Previously, I’ve touched on universities’ hopes to exploit their graduates to mentor their students through online courses without pay, and to conduct unpaid research internships (or “non-stipendiary fellowships“). PhD students and postdoctoral researchers are ‘cheap, highly motivated and disposable labour‘; there is a great over-supply of these low-paid, insecure and temporary workers; and of the few who enter “regular” academic work, most remain in precarity.
At the end of the USI Live interview, when we were discussing the need for collective struggle, I squeezed in some statistics on labour in academia. Here, I want to note the consequences of the long-running precarisation of scholarship in the United States, then present the stats on the academic precariat in the United Kingdom (as precisely as possible).
Contingent academic labour in the United States
For years, adjunct/contingent academic labourers have constituted the majority of faculty in the United States.(1) Grimly funnily, even labor studies is undergoing adjunctification. As they have found (predictably), a contingent academy is bad for academic governance (and thus for the production of knowledge and the quality of education of students) as well as for the well-being of the contingent academics themselves. They are organising, building solidarity, struggling to establish their rights to living wages and economic security, healthcare and their other basic rights.
Precarious academic work in the United Kingdom
Officially, about 180,000 academics are employed (as academics) in the UK (2); and (far) ‘more than a third‘ (so, more than 60,000 (3)) of them are employed on temporary, fixed-term contracts.
In addition, around 80,000 are employed in ‘atypical’ ways, ‘such as hourly paid teaching’ (4), who are excluded from the official statistics. (Moreover, that count does not include entirely unpaid “honorary” (non-)employment.) So, in fact, there are more than 260,000 academics in the UK; more than half (more than 140,000) are somehow precariously employed; and nearly a quarter are very precariously employed.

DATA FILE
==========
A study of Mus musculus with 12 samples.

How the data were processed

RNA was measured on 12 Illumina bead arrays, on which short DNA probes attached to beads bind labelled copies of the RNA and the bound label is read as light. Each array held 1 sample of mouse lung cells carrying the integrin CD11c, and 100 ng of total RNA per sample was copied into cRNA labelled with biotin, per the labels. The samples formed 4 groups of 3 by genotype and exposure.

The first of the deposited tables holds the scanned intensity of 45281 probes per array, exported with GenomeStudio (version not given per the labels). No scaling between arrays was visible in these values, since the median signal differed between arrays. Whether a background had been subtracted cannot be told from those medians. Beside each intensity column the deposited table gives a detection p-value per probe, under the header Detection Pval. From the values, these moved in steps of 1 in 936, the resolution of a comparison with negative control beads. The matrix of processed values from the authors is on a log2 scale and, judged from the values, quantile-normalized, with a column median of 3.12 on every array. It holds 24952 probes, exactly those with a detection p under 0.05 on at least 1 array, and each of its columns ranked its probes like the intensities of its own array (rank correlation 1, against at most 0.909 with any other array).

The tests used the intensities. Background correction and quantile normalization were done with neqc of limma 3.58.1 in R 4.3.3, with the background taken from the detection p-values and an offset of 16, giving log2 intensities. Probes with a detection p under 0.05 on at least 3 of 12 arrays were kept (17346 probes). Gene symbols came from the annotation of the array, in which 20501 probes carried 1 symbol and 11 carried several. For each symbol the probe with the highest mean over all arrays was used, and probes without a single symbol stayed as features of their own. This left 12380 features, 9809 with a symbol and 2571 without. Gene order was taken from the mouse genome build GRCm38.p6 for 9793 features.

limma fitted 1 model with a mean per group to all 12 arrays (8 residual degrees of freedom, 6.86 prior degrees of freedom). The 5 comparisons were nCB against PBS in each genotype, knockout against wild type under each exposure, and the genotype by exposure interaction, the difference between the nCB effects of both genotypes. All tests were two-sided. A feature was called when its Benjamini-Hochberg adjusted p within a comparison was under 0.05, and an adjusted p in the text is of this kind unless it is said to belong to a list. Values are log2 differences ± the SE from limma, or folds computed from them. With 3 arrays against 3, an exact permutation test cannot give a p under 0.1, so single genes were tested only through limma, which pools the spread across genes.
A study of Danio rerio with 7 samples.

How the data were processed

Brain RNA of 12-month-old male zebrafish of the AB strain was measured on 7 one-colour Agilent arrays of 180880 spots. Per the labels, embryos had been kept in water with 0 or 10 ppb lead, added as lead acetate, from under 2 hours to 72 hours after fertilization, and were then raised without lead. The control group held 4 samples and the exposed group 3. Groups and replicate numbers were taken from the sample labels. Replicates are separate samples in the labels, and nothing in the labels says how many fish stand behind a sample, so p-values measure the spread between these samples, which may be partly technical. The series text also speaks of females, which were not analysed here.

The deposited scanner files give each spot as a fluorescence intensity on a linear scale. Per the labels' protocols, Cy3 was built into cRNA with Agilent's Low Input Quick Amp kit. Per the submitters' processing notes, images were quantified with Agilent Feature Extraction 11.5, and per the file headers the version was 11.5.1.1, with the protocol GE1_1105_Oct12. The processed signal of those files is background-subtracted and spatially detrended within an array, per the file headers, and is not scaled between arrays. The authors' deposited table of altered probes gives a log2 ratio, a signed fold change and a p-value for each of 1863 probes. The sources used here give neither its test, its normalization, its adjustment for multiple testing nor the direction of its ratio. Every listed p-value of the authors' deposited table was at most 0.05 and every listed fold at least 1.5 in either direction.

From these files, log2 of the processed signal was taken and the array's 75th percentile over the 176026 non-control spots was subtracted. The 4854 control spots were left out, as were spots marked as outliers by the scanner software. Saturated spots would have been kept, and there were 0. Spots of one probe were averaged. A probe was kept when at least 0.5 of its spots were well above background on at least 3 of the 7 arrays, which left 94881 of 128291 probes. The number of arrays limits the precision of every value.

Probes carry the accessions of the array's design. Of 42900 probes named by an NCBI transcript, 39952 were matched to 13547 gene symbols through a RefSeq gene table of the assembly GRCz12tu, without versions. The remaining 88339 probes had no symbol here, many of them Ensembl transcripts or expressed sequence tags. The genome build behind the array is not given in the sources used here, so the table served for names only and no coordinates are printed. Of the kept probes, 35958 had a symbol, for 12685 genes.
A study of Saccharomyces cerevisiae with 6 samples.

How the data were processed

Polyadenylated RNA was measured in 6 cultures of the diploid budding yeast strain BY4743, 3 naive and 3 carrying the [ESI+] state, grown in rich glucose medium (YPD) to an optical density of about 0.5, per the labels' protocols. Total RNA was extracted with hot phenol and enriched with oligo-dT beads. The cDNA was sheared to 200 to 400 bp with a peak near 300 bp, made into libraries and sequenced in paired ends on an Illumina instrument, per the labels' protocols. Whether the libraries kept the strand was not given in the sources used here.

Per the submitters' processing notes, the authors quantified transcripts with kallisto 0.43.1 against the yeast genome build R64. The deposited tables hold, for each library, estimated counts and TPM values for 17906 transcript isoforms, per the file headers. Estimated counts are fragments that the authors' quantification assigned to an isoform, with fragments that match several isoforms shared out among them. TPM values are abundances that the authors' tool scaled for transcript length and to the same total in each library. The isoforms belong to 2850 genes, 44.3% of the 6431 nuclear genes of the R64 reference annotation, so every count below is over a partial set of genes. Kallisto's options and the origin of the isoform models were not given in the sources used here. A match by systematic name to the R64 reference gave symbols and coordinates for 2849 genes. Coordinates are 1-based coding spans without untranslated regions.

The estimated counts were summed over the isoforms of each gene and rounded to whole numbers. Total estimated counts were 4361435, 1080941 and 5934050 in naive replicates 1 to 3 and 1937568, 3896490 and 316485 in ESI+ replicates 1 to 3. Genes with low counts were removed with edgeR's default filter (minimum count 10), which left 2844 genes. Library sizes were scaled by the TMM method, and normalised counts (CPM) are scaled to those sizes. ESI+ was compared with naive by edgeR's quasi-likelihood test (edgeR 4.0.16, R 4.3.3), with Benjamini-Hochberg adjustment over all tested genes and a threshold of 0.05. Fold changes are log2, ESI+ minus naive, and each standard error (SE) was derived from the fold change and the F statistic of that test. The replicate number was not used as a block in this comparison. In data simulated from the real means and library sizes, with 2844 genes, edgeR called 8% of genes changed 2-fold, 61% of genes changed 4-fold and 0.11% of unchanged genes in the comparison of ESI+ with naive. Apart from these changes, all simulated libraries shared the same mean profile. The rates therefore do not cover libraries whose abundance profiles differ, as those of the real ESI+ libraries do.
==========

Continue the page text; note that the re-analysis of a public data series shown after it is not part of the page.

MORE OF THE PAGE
Academics are uncommonly precarious
The Guardian has found that zero-hour contracts are more than twice as common in further education and higher education than they are in other fields of work (and has discussed how academics become trapped in precarious positions).
1: The numbers can be somewhat confusing. According to the Coalition on the Academic Workforce (based on the U.S. Department of Education’s data), ‘(75.5%) were employed in contingent positions off the tenure track, either as part-time or adjunct faculty members, full-time non-tenure-track faculty members, or graduate student teaching assistants’; and part-time staff alone have constituted a majority since 2011.
Yet, in terms of the number of staff in secure (tenured or tenure-track) positions versus those in insecure (temporary contract) positions, non-tenure track faculty and part-time faculty (including or excluding graduate student teachers) appear to have formed a majority since 1989. However, precisely because their work is so piecemeal, they might only have taught a minority of classes. Still, at least since 1999, contingent academic labourers have done most of teaching work too.
2: There are 181,385 academics in the UK.
3: Again, the numbers can be confusing. The UK’s Higher Education Statistics Authority’s published statistics only distinguished between full-time and part-time employees (wherein there are 63,540 part-time academics in the UK). So, if the Guardian‘s figures were accurate, none of the full-time staff would be employed on temporary, fixed-term contracts. More than a third are on temporary, part-time contracts; and a (large but unknown) number are on temporary, full-time contracts; so far more than a third of (officially-recognised) academics in the UK must be somewhat precarious workers.
4: There are 82,000 atypical academics in the UK. Indeed, alongside their temporarily-contracted colleagues, they are precisely typical academic labourers.